Missing Malaysia Airlines Flight MH370: Now we know the plane came down and hopes are extinguished, what task will be ahead?
Simon Calder’s career in travel started at Gatwick Airport, where he cleaned aircraft for Laker Airways and later worked as a security officer. He became The Independent’s Travel Correspondent in 1994, and is known as “the Man Who Pays His Way” because he does not accept free travel facilities. He writes across the Independent titles, as well as for the Evening Standard.
Tuesday 25 March 2014
Investigations into aviation disasters are based on previous calamities, looking closely at similar losses to created hypotheses about the cause. In the past decade, there have been crashes with which MH370 shares some elements: in 2005, a Helios jet flew on across Greece on autopilot until it ran out of fuel and crashed, and in 2009 a large Air France aircraft was lost in the ocean, mid-cruise. But the circumstances of the Malaysia Airlines plane are so far beyond the experience of the aviation community that the search for clues becomes all the more critical.
As the relatives of the people aboard the lost Boeing 777 learned that their hopes had been extinguished, tangible evidence of the lost aircraft remained elusive. Military and civil aircraft continue to sweep the ocean west of Australia, with ships moving towards the search zone.
The search for traces of Air France flight 447, which crashed in the Atlantic between Rio and Paris, was challenging – but MH370 is an order of magnitude more challenging. The distance from the shore is much greater, the sea conditions much heavier and the clues about possible locations much less certain.
A United Nations of ships, aircraft and satellites are focusing on the area: military aircraft and executive jets from Australia, a wide-bodied plane from China, naval vessels from Australia and the US Pacific Fleet as well as a Chinese icebreaker and European merchant shipping. Those are the assets we know about; they may be supplemented with intelligence from submarines, if that can be achieved without revealing the location of the clandestine vessels and their sophisticated instruments.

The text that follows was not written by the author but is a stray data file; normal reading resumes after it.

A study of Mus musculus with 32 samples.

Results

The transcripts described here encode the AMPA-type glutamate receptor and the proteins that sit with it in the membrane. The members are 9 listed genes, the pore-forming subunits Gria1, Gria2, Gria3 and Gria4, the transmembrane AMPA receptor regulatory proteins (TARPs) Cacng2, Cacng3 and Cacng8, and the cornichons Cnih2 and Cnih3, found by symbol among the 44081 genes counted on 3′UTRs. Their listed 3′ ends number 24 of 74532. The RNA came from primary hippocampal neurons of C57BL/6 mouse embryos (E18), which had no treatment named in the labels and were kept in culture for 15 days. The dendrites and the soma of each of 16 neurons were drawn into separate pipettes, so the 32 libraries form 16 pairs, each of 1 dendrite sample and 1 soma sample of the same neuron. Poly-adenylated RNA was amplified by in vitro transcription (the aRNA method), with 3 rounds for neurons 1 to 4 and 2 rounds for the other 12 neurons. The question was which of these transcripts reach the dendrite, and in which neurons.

Once a fragment of debris is found, whether a seat cushion or a fragment of cargo, the search area can be narrowed down. While that goes on, the debris will be minutely examined for clues about the loss. When the crash site is finally located, the recovery of the remains of the aircraft – and the 239 people on board – can begin.
The recovery teams will home in on the flight data recorder, which keeps details of commands from the flight deck, and the cockpit voice recorder. The latter, though, may not yield many clues since it has only a two-hour capacity, and therefore cannot reveal what happened over the Gulf of Thailand.
One of the leading theories is that a fire broke out, and the crew responded by turning the aircraft in a bid to reach the nearest landing strip. If they were then incapacitated before broadcasting a Mayday message, the cabin crew would be unable to access the flight deck due to the locked cockpit door. Yet the fire would then need to have extinguished itself, rather than downing the aircraft.
Others point to the presumed course of the plane, which looks as though it could have been designed to minimise the chance of detection.
Yet if a human hand was involved, and passengers became aware of a sinister development, some would presumably switch on their mobile phones – a few of which would be expected to register on networks, even while briefly flying over the Malayan peninsula.
While the search continues, the mystery of MH370 is becoming to the early 21st century what the JFK assassination was to the 20th century.